As activities, writing poetry and climbing have few connections, apart from a heightened sense of being and awareness, of being fully engaged. Andrew Greig
About Andrew Greig
Andrew Greig's second collection Men on Ice in 1977 changed his life. He had been what he calls an "armchair climber", attracted by "the imagery and intensities" of climbing – however, mountaineer Mal Duff took Greig's metaphors literally and invited him on a real Himalayan expedition. Greig climbed on three such expeditions, which led him to write books on them, which took him on to writing novels. Distinctions and prizes in three mediums have established Andrew Greig as one of the leading Scottish writers of his generation
Yet Greig considers poetry to be a higher art form – second only to music (Greig is also a musician) – using the analogy: "Prose is draughts, poetry is chess. Chess in four dimensions…. the additional element of sound, of cadence and phrasing." He carries this attention to the music of language into his prose, which reviews have described as "lyrical" and "dazzling".
Born 1951 in Bannockburn, Greig grew up in Anstruther, Fife. He was educated at the University of Edinburgh and is a former Writing Fellow at both Glasgow and Edinburgh universities, and Scottish Arts Council Scottish/Canadian Exchange Fellow. His mentor was the great Scottish poet Norman MacCaig, to whom he wrote the tender elegy "Norman's Goodnight", which you can hear on this Archive recording. This poem perfectly illustrates Edwin Morgan's observations when he describes Greig as a poet "of sensitivity and resilience. He deals with high-risk situations – from mountaineering to love – and is particularly good at presenting the gamut of feelings involved in rites of passage: high endeavour, commitment, holding back, drift, release."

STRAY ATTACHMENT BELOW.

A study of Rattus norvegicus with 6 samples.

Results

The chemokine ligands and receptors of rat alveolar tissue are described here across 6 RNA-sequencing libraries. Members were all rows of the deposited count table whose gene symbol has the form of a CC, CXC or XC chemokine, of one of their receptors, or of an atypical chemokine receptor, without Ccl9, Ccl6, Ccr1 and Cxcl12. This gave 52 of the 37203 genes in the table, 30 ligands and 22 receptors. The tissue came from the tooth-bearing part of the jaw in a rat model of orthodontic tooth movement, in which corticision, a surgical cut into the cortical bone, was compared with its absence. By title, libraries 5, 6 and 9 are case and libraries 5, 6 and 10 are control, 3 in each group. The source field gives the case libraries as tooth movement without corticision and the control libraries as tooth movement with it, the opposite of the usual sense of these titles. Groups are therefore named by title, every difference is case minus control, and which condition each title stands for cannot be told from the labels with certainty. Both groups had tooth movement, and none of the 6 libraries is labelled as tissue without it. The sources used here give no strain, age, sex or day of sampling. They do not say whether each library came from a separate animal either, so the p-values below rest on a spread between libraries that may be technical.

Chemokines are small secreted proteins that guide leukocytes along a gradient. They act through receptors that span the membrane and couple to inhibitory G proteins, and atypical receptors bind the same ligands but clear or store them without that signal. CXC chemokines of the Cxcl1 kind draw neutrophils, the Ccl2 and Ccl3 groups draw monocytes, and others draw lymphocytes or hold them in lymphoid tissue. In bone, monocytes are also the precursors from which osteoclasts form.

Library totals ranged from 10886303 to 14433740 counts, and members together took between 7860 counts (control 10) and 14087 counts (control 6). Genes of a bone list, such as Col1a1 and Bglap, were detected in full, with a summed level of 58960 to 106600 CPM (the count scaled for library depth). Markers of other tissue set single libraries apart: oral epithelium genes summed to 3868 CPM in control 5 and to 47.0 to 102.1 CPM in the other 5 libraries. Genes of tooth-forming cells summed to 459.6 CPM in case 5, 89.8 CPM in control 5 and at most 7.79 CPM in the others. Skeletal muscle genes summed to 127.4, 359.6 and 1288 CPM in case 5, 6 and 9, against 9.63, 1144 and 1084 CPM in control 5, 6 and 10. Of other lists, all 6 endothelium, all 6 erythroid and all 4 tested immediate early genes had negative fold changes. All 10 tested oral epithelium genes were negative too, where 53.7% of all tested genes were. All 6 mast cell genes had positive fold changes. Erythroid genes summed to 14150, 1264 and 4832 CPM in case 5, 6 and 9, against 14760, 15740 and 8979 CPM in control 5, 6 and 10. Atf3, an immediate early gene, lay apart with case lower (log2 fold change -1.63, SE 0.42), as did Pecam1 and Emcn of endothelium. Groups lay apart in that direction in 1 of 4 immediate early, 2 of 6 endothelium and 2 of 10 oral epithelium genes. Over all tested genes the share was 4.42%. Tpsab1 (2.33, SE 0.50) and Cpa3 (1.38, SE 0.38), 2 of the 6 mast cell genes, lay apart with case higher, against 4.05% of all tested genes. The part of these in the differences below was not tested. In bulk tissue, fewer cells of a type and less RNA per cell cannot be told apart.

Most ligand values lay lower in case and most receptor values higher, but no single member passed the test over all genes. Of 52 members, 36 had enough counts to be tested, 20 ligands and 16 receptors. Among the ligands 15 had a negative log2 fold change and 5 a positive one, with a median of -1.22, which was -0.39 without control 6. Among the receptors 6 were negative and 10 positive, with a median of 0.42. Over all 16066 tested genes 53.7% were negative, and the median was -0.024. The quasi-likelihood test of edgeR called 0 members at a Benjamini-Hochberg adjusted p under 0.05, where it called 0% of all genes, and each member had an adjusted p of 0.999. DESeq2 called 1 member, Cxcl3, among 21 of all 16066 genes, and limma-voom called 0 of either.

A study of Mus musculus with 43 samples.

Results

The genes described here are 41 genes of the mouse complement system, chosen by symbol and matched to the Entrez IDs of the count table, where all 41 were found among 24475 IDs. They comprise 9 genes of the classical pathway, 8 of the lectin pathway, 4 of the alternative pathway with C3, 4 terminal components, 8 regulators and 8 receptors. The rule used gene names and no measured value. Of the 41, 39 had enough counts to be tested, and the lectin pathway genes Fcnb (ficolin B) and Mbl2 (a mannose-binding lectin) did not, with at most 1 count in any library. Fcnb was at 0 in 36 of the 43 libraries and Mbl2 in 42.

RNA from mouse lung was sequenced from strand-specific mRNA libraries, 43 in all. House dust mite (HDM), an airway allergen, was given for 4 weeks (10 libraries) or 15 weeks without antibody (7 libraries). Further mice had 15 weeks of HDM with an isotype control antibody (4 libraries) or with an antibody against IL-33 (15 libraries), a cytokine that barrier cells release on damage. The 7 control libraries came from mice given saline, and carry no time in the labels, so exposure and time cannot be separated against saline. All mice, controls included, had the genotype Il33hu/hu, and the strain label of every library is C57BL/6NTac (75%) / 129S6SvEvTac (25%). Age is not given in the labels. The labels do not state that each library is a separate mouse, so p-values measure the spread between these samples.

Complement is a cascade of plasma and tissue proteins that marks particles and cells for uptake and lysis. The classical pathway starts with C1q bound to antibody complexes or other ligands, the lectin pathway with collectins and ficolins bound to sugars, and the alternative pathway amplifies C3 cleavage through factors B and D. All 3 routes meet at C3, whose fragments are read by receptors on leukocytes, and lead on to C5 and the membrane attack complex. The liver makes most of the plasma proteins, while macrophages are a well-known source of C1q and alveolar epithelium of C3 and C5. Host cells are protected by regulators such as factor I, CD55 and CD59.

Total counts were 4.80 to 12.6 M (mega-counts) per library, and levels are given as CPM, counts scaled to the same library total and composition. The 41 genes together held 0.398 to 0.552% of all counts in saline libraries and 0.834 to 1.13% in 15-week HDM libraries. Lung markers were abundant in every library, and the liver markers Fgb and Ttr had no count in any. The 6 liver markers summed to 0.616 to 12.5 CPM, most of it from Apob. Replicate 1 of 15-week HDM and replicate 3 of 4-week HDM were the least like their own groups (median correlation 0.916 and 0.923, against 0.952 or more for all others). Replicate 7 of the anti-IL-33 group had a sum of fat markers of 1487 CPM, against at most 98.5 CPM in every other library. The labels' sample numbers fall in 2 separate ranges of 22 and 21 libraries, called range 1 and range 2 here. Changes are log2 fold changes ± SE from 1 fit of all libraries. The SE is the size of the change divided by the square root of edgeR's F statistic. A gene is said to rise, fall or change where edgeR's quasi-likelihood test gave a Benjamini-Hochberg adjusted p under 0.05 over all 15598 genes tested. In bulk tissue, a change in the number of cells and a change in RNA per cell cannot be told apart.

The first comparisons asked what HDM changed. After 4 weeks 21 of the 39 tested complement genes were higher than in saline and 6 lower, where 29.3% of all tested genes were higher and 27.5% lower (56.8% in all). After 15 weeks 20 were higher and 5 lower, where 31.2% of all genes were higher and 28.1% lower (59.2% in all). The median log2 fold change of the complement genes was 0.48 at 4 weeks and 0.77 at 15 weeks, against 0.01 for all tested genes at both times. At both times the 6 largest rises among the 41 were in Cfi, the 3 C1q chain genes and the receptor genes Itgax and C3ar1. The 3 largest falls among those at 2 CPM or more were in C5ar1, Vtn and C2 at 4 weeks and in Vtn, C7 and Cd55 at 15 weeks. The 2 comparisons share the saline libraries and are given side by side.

In her review of Andrew Greig's This Life, This Life: New and Selected Poems, Helen Mort notes how candid a poet he is. This book charts his childhood and adolescence, marriage break-up and later breakdown; it charts life-threatening illness and recovery, and throughout, the over-riding thrill of being alive in a world where the stakes are stimulatingly high: "Laughter rings across the ice. Why not?/ None of us will die today – that's immortality/you can draw on like a cigarette,/ harsh and sweet, the way we like it." (from 'Interlude on Mustagh Tower'.)
Andrew Greig's introductions to the occasions for the poems on this Archive recording are subtle and illuminating, and his voice is beautifully nuanced as he sings life into the words.
This recording recording was made at the Audio Workshop, London on September 9th 2010 and was produced by Anne Rosenfeld.